Thursday, June 20, 2013

La Carpio

June 18
Humanitarian Foundation

La Carpio is the location of the Humanitarian Foundation of Costa Rica, started by a woman from New Jersey named Gail. She first came here in the Peace Corps, went back to the US for about a year, and then returned here for good. Her life’s work is to eradicate poverty. From what I saw of La Carpio, the are we visited, she has a huge job just there in that community.

La Carpio is a Nicaraguan refuge community, a shantytown. The pictures are mostly from the bus, but you’ll get the idea. People who live here do not have many material things, but they have huge hearts and the capacity to find happiness with that they have. La Carpio has one way in and one way out. A road runs down the middle of the community. There is a river on each side as you enter. The poorer houses are located nearer the river. 

Gail not only works in this community daily, but also with the Cabecares, who we met last week. They came to her about 15 years ago and said she was the chosen one who was to help them modernize their living while still holding on to their traditions and customs. Thanks to Gail, they have access to medical care, yet it still honors their time held beliefs and traditions. She doesn’t force anything on them; everything they do is because they have asked for help in that area. When the clinic was built, she asked them if they wanted the traditional type of structure that they have or a modern one made from concrete. They chose the latter because they recognized the need to have a sanitary, dry place for medicines to be stored and for them to be treated. I wish we could have visited where they actually live vs. their meeting place. Maybe next time?

As for La Carpio, we just stayed in the facility and helped out. Some people held babies, others played with toddlers. I painted a child sized chair yellow, blue, and purple in about 25 minutes with paint that was as thin as water and brushes that have seen better days. I don’t think the kids in the school will care about that.

I wished I had the words to convey what I felt when seeing the conditions, when learning about the people in La Carpio. I have often heard that what we consider poverty in the US would not be poverty in many other places. I have seen this first hand. I don’t mean to diminish poverty in the US, as I know that is real and there and far too many kids go hungry there. However, this was an entirely different level of poverty.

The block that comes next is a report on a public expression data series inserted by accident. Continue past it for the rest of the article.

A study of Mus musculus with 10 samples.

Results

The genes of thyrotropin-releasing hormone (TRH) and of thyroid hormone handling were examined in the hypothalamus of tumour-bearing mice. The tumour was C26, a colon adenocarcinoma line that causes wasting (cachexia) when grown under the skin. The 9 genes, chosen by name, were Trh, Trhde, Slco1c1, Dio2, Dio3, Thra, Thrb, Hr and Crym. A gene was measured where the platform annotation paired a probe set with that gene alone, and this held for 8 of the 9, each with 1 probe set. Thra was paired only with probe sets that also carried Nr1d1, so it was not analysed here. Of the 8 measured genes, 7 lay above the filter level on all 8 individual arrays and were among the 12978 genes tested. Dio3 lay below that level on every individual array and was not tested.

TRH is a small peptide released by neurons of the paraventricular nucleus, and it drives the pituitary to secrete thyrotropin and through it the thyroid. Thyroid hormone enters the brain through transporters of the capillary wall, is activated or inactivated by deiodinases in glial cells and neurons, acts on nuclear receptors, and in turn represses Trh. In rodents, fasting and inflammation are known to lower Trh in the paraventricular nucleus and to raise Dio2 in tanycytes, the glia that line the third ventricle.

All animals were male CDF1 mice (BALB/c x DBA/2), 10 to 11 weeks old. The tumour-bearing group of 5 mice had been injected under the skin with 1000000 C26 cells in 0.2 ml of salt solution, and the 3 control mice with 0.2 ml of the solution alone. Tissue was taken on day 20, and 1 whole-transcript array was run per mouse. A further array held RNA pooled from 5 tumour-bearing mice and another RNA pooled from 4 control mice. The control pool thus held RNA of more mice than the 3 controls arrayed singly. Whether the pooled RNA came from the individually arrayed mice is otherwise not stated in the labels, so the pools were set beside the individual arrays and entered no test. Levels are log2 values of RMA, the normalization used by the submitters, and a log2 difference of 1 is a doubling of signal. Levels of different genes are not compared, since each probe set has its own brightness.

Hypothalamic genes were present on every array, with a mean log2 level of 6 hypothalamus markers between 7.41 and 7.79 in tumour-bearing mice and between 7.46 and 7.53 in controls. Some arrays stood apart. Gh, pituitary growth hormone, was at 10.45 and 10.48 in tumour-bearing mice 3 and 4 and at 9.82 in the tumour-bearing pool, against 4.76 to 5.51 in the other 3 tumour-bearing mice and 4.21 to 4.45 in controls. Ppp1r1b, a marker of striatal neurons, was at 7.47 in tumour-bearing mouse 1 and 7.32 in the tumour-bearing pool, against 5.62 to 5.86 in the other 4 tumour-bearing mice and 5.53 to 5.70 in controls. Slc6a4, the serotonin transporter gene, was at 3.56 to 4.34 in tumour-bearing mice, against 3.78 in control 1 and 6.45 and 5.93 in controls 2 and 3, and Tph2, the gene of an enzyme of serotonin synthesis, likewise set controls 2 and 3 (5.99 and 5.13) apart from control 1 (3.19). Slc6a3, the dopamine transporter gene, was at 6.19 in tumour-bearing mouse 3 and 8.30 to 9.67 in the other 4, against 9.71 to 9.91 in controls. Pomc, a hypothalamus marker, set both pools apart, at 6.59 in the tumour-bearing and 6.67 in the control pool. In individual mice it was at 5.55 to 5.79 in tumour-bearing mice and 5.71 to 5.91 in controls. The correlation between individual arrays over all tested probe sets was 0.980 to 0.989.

Gail also shared with us her explanation, based on her observations over 30+ years living in this country. I’ll include a picture and explanation below, as best I can. 

Where we visited

A boy in the nursery. Most of the children here have mothers who work there or are involved in some capacity

The chair I painted. The professional painters in my family would probably be appalled. :) 

A quilt made by some of the women who work here. Each has a square that tells her story. A teenager has one that shows her choices between bad-alcohol, drugs, no school, and good--church, school, work. Another has a story about how she was sexually abused by her father. Of the 27 women who work with Gail in the foundation, 27 of them were sexually abused as children. 

The children's area

 Homes of La Carpio from the bus

More homes

Most start with some tin and add on as they can

What you see as you drive into La Carpio (this was as we were leaving, looking back)

Gail's explanation of the extreme poverty of many Nicaraguans. Basically, the circle represents a system where everyone is equal, contributes equally, etc. The pyramid describes systems of the middle ages starting with the king, the arm, the church, and the serfs/peasants. That was similar to how Nicaragua was. The economy was built around coffee. The landowners controlled the shelter, money, food, education, etc. Education and heath care was limited so that only the basics were provided--enough to have able, if not completely healthy, workers. They didn't provide any health education--they preferred young girls to have children, many times by men much older, as this ensured the continuity of the working class. Fear was used as a motivator to keep the workers working. So, the massive earthquake of 1972 near the capital of Nicaragua changed things. Over 10,000 died. Conditions became worse. Five years later, there was a revolution and economic collapse. Many people escaped to Costa Rica--expressed by the rectangle. Farmers had blocks of land, became business owners, hired many of the refugees, and built a solid middle class. 

I found all of this very interesting and someday when I have free time (ha), maybe I will try to learn more on my own.